Knebel out as Phillies closer, team will use committee approach for now


The closer position has been a consistent problem for the Phillies in recent seasons and the offseason addition of Corey Knebel has not solved it.

Knebel blew his fourth save in 15 chances and walked his 15th and 16th batters in 25 innings in Tuesday night’s 11-9 loss to the Miami Marlins.

Twelve hours later, the right-hander was demoted from the closer role by manager Rob Thomson.

“I talked to Corey,” Thomson said about two hours before the first pitch of Wednesday’s series finale against the Marlins. “First of all, I wanted to make sure he’s healthy and he looked me in the eye and said he was.

“We discussed the situation. For the near future, we’ll put him in spots where he can breathe a little bit because he’s not throwing the ball where he wants to and he knows that. He was very professional about it. He wants the ball. He’s a competitor. He wants that ninth inning and I want him to have that ninth inning, as well, and hopefully with a couple of these (lower leverage) outings, we’ll get him back.”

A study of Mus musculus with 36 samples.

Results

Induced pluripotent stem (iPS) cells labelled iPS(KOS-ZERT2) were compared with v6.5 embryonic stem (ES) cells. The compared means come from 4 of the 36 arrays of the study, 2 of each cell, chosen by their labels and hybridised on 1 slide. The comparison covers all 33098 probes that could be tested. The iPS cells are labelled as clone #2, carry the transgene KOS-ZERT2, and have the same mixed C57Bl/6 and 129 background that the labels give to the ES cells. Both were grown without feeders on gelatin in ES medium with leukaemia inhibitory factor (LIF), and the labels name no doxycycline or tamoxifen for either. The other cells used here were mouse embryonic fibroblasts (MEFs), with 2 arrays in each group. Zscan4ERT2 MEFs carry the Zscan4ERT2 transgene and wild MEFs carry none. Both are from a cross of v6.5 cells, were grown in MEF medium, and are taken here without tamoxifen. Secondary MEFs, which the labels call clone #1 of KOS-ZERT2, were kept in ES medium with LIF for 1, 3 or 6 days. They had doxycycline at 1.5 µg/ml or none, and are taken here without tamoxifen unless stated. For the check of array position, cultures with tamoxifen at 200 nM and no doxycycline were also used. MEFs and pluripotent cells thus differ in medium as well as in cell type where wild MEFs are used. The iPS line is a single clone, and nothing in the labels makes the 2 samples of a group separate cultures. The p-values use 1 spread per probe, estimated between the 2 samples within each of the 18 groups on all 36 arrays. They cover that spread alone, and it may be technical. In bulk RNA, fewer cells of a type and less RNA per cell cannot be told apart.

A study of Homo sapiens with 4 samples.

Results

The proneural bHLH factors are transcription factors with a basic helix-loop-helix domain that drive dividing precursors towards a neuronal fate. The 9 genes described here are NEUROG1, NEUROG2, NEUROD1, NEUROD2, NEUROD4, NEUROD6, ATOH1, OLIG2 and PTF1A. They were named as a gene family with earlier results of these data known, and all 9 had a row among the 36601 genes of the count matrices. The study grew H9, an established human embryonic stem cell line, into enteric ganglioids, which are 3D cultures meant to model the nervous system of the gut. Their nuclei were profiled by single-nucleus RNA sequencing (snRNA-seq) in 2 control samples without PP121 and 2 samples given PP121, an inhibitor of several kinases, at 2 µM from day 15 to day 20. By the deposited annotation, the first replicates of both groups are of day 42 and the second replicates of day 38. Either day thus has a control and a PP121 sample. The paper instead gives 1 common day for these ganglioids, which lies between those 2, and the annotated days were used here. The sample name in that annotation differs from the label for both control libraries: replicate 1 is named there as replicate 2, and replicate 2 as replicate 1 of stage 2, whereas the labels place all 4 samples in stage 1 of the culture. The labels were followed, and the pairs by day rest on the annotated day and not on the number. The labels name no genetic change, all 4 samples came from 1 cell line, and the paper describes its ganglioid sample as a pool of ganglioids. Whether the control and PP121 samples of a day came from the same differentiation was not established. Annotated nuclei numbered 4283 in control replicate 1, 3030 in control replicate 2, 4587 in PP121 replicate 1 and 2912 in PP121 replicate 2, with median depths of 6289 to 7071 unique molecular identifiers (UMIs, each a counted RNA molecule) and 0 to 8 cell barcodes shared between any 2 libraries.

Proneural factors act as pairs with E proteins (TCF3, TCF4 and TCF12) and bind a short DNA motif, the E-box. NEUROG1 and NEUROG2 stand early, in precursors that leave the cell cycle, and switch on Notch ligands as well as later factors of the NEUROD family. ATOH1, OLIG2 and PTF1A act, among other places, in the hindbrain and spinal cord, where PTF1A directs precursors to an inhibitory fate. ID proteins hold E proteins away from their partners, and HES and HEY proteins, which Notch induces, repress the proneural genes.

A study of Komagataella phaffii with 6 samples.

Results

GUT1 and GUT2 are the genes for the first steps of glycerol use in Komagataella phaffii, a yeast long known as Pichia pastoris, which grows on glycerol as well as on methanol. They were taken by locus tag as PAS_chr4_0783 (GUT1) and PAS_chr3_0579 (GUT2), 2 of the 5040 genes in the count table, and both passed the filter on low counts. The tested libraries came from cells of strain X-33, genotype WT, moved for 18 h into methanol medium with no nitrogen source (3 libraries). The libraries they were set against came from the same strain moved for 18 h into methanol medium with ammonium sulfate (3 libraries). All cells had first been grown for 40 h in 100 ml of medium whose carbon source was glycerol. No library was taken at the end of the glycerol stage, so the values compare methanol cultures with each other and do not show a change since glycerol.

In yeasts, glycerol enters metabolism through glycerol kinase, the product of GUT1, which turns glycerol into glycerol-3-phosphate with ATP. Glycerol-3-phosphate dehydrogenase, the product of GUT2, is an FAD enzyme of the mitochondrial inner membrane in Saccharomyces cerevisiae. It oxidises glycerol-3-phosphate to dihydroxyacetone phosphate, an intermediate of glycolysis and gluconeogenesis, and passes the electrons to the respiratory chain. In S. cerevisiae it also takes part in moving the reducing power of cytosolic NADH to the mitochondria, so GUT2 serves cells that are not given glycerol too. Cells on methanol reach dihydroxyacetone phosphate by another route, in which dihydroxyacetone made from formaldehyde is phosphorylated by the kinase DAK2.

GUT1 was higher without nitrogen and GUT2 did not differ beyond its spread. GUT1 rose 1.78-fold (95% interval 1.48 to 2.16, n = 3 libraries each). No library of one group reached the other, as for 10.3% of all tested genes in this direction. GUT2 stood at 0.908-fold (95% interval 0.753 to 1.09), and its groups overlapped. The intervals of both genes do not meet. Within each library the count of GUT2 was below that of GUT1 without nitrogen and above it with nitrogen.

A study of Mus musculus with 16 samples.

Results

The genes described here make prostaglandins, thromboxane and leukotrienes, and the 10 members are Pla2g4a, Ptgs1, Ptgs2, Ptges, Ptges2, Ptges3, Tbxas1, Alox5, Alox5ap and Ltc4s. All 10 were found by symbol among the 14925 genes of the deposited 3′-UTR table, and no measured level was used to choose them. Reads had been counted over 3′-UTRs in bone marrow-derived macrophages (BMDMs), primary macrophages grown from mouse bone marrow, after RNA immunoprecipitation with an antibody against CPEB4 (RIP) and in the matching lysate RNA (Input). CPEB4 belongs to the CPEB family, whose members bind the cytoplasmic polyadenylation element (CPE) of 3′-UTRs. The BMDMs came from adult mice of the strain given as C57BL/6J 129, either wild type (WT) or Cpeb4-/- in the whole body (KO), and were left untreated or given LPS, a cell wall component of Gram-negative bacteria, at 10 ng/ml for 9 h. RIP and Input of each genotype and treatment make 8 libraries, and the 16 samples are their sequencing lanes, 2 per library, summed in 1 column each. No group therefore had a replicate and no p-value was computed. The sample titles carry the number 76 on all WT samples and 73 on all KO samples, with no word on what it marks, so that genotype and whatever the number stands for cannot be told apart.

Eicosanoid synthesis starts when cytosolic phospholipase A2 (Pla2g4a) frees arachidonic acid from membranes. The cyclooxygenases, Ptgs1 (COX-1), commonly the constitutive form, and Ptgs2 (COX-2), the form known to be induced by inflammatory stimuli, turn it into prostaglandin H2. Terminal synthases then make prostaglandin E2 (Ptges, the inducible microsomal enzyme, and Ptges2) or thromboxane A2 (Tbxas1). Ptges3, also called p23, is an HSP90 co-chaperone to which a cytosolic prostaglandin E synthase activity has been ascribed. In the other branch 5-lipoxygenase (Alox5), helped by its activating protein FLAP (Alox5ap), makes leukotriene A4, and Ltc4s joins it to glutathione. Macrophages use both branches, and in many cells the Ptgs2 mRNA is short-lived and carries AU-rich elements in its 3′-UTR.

What will constitute Knebel being back?

“Throwing strikes, throwing the ball where he wants to, landing the breaking ball,” Thomson said.

Knebel’s reaction to the news was succinct.

“I don’t think there’s anything to say,” he said. “Decision has been made. I’m going to go do my job.”

Thomson said the Phillies would use a closer by committee approach for the time being. Seranthony Dominguez will certainly get some looks and could emerge as the guy. He had pitched on Monday and Tuesday so his availability Wednesday was not known. (Teams don’t give away that stuff for strategic reasons.) Brad Hand, Connor Brogdon, Jose Alvarado and Andrew Bellatti could also get the ball in the ninth inning, depending on availability, hot hand and matchups. The Phillies will likely look to add bullpen help – an annual need – at the trade deadline. Meanwhile in Triple A, Francisco Morales and Mark Appel continue to percolate.


The Phillies signed Knebel to a one-year, $10 million contract in the offseason in hopes that he’d solidify the annual problem that has been the closer spot. Knebel bet on himself taking a one-year deal, the thinking being he could be more attractive on next winter’s free-agent market if he pitched well. There’s still time for this thing to work out for both sides, but, for now, Knebel is not the Phillies’ closer and the unending bullpen uncertainty at the back of games continues.